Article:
Welcome back to the continuing Wednesday series on author business plans and how to write them. As always, I link to previous installments at the end of the post.
Today we’ll talk a little about marketing “when the party’s over” – continuing efforts after the book release and the surrounding publicity push.
As I mentioned last week, “release phase” marketing lasts about 3-6 weeks, depending on the author’s stamina, planning and opportunities. About 4 weeks after release, however, the book shifts from being a “new release” to an “available title” and the initial buzz and related sales begin to decline. This timing isn’t set in stone. Sometimes release buzz lasts much longer – for example, when a book hits the New York Times bestseller list – and sometimes the release phase happens quickly. A lot depends on whether the author’s work achieves critical mass through word of mouth, effective publicity, and the unknown “X factor” no one can describe in any detail.
Some books take off, others don’t. But eventually sales spikes fade and buzz recedes as another “new best thing” hits the shelves and pushes every author’s book to “post-release” status.
Step 1: Don’t let this depress you! Books, readers, and sales all go through cycles. Understanding the business model will help you realize that the sales drop-off isn’t your fault. It’s a normal part of the cycle.
Step 2: Continue blogging, social media efforts, and writing. Your blog, social media accounts and writing should never stagnate, though the focus may shift a little when the release phase for a given project ends. At this point, you should revert to writing guest blogs and articles focusing on your areas of expertise or the general subject matter of your book. Accept interviews if offered! Talk with book clubs and local groups that express an interest in your book.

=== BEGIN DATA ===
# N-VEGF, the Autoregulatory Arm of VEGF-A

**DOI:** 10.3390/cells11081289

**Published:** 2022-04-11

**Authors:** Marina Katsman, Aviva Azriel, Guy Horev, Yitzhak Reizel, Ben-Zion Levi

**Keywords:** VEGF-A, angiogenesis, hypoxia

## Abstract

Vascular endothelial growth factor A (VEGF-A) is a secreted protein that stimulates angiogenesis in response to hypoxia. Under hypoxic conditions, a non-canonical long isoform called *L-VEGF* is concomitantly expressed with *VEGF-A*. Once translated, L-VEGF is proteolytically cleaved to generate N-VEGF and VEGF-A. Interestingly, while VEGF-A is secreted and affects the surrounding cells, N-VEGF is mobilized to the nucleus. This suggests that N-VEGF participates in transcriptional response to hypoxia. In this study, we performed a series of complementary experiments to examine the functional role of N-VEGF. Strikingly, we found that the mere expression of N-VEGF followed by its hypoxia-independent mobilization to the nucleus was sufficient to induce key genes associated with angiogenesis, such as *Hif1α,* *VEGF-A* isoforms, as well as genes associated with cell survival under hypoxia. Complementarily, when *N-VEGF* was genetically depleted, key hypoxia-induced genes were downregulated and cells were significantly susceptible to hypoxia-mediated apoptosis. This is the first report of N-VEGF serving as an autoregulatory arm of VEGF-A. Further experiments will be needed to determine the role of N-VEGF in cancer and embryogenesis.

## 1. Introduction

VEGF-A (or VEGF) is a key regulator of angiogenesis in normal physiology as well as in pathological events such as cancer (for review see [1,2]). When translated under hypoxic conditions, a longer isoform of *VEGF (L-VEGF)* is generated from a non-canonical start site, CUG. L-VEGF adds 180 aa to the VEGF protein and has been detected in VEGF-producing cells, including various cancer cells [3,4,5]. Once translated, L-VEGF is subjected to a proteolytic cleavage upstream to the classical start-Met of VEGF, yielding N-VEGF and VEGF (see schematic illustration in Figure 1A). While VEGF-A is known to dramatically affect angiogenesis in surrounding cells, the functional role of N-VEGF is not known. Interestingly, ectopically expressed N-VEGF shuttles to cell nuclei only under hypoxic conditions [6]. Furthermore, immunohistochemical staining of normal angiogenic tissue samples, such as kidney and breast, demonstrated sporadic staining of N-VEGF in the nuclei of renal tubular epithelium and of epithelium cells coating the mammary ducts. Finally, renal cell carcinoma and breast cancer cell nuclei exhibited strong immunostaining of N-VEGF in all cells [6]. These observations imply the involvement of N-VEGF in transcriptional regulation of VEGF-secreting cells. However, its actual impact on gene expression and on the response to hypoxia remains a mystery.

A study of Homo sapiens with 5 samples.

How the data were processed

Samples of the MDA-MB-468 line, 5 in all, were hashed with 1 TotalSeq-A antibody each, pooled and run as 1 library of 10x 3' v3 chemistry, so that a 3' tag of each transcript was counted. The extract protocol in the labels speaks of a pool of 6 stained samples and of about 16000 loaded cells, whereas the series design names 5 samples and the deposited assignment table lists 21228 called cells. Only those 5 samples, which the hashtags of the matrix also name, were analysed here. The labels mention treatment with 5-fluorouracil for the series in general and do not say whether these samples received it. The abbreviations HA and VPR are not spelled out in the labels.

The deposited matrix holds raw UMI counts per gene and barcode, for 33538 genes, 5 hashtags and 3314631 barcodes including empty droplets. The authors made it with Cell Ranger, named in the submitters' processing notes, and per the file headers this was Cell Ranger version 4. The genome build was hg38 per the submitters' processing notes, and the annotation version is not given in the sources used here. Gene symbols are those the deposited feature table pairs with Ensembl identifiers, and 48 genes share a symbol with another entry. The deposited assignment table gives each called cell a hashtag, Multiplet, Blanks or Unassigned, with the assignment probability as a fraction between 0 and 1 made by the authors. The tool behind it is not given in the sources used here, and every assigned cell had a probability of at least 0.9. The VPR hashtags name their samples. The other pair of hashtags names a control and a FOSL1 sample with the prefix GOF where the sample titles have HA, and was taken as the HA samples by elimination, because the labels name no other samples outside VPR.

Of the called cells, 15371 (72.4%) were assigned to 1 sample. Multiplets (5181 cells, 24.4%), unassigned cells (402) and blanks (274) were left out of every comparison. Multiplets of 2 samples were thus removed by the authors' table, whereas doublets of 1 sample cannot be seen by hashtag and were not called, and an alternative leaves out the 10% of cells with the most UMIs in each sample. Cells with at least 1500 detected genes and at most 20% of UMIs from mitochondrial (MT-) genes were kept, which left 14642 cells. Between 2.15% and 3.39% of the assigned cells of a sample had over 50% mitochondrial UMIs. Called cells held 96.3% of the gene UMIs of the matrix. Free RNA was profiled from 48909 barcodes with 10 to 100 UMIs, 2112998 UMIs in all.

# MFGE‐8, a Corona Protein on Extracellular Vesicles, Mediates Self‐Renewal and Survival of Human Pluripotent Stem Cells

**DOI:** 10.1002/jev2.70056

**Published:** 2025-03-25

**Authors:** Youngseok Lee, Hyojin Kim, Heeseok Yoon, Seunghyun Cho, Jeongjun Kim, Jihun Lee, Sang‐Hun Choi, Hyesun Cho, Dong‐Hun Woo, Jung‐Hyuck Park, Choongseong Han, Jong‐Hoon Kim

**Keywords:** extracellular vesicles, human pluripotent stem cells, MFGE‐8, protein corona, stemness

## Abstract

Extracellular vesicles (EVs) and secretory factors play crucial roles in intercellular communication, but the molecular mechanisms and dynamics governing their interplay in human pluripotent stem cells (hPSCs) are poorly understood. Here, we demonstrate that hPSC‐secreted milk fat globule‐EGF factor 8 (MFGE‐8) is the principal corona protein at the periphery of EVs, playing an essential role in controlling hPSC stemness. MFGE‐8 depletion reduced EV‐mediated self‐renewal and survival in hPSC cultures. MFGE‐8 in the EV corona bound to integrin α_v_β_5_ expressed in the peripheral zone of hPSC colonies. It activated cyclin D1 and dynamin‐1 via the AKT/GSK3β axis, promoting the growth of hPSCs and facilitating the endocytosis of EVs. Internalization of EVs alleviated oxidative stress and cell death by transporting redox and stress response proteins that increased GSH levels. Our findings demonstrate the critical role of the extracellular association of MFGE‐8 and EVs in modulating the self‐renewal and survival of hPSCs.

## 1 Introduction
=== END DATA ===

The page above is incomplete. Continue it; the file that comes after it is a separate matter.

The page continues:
Essentially, return to your pre-release “normal” – blog, interact on social media, and continue developing your areas of expertise and your contacts with friends and industry professionals. Don’t forget to mention your book when appropriate – but do more than just shout your title and genre into the wind.
Step 3: If you advertise the work, do so judiciously and pay attention to returns on investment. Once the initial marketing push ends, you may not find it cost-effective to continue advertising your book as widely as before. Consider your resources and the available options, and make decisions based on the way a specific marketing effort translates to sales. If you advertise, but see no related purchasing spike, the advertisement isn’t cost-effective.
Step 4: WRITE ANOTHER BOOK! Always keep a project in the works. That way, no matter what happens with sales, marketing, or any other part of your career, you always have something to stay positive and excited about. Writers write. (Authors auth?) And as long as you keep moving forward, you won’t have time to worry about what’s behind.
Remember: the best marketing for your last book is your next book.
Have questions or tips about marketing or business plans? Hop into the comments and join the conversation. I love to hear from you!
And for those who may have missed an installment, here are links to Part 1 (the Overview), Part 2 (Writing the Dreaded Synopsis), Part 3 (On Pre-Release Marketing Mountain) and Part 4 (Marketing for Release Weeks)!